Originally created 03/12/98

Proposal drawing protests

Some Augusta commissioners said Wednesday they are being punished by state legislators because they gave one of the city's constitutional officers a pay raise and not the others.

Their action, they said, prompted a senator to introduce legislation increasing the salaries for all of Augusta's constitutional officers, including the sheriff, the coroner and the state court solicitor, who just got more money in 1997.

"Where is all this money going to come from?" Mayor Pro Tem Lee Beard wondered aloud after reading over the list of pay raises.

From one end of the municipal building to the other, city officials were asking the same question. The bill only requires the raises, it doesn't provide the money. But it still must be approved by a majority of local House and Senate members.

"Hopefully the legislative delegation knows what they're doing to the county if they pass these raises. We've cut and cut and cut and now this," Mr. Beard said. "How can we explain to the people that we're cutting and raising transit fares, then go and give all these people pay raises? It just doesn't pan out."

Augusta taxpayers will pay nearly $100,000 in raises to some city officials based on a plan Sen. Don Cheeks, D-Augusta, introduced to fellow legislators Tuesday. The bill was written in response to last week's $11,487 pay increase for chief State Court Judge Gayle Hamrick.

Commissioners approved giving Judge Hamrick a raise after he assumed the responsibilities of Augusta's municipal court.

With the exception of one employee, Augusta's municipal court has been phased out. The duties and responsibilities of the municipal court now fall under the jurisdiction of state court.

Mr. Beard said he supported Judge Hamrick's raise because he was told the judge was performing three or four jobs. He didn't expect the raise to cause as much trouble as it has, Mr. Beard said.

"I don't understand how one person getting a raise can cause problems with the rest of them getting a raise. Some of these raises aren't even justified," added Mr. Beard.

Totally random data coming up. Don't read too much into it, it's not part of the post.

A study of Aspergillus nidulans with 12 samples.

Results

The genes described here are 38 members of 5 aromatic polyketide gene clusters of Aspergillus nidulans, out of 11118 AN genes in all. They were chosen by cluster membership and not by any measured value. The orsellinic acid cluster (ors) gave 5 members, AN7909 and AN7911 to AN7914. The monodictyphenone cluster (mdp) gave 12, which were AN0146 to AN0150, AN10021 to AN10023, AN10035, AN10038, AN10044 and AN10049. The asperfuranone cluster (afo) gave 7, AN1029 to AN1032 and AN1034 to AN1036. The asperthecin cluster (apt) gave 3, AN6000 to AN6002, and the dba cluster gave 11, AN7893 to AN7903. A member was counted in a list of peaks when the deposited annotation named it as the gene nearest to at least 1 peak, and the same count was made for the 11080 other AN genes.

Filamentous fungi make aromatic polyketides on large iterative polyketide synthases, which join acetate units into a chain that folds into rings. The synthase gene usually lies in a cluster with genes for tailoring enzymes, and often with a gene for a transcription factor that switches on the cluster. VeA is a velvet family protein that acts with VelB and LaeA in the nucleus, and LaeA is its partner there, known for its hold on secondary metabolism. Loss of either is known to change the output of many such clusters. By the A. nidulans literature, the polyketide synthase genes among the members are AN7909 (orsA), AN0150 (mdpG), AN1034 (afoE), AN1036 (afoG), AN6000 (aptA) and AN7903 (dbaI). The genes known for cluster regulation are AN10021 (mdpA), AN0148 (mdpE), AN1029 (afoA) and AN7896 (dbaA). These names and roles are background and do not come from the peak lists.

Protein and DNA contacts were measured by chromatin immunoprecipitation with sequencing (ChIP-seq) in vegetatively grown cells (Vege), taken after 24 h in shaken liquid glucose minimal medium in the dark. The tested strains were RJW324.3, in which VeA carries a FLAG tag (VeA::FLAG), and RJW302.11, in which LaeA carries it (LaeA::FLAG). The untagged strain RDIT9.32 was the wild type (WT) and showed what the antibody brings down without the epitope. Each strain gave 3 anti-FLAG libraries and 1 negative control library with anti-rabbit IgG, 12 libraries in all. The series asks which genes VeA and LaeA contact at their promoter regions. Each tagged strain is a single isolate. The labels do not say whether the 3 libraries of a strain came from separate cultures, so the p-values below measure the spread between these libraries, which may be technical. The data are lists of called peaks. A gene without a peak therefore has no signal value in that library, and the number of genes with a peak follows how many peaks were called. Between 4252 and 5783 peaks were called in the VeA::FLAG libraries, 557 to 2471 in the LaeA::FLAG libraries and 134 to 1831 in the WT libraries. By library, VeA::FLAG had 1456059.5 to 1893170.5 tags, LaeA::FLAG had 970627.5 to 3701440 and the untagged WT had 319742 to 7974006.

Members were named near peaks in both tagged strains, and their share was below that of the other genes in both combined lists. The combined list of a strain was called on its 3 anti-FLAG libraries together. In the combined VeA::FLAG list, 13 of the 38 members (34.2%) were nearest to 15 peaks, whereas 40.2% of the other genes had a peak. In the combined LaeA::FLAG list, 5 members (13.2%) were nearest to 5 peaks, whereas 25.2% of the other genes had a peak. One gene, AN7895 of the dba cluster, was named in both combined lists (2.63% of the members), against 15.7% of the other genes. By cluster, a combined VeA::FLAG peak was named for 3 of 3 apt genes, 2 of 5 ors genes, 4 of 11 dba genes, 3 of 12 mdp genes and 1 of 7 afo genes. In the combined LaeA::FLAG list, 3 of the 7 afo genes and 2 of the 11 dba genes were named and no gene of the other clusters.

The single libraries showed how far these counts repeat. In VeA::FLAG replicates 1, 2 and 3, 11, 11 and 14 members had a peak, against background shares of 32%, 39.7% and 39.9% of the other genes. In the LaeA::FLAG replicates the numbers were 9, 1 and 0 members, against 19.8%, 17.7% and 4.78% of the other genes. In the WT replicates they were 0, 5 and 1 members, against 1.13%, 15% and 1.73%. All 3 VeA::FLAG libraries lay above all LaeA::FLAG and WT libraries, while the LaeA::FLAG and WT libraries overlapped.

City administrators agreed, saying the workloads of some constitutional officers haven't changed while those of others have.

"In all fairness to the constitutional officers, they haven't gotten a raise since 1993, so it may be overdue. But to say the workloads of the officers have increased since consolidation is not altogether true," said City Administrator Randy Oliver.

Sheriff Charlie Webster, who has made no secret in the past that he believes he should be earning more money, would earn $72,671 -- $13,671 more than he earns now -- if the bill passes. The figure includes his salary, car and gas card.

The workload for the sheriff has definitely changed since consolidation, Mr. Oliver said. The sheriff not only oversees law enforcement in the city and county, he's also responsible for a new jail.

The same doesn't hold for District Attorney Danny Craig, Tax Commissioner Jerry Saul or Coroner Leroy Sims, who recently asked commissioners for a new car to replace the one he's been driving since 1989. His request was denied.

"They've always worked for both the city and county so their caseloads or workloads haven't changed much," Mr. Oliver said. "Now the DA's office may be handling more cases but that's because of an increase in crime, not because of consolidation."

Augusta's legislative delegation reviewed the proposal Tuesday and is expected to act on it by the end of the week.

If it is passed, Mr. Oliver said, officials will have to dip into the city's contingency fund to pay the constitutional officers the extra money.

"If we keep dipping into the contingency fund, eventually there won't be anything there. If we have to keep dipping into the contingency and into our reserves a red flag should go up," Commissioner J.B. Powell said. "That means you're operating over budget. I just think the financial woes of this thing needs to be considered."

There needs to be more dialogue between the two governments, Mr. Powell added.

"They need more information on why we gave Judge Hamrick a raise. If they look at why we did it, they'll see that we're actually saving money by giving him a raise because that meant we didn't have to hire another judge," he said. "I'm for people making more money. I wish everybody could have a raise, I just don't know how we're going to keep paying for these mandates."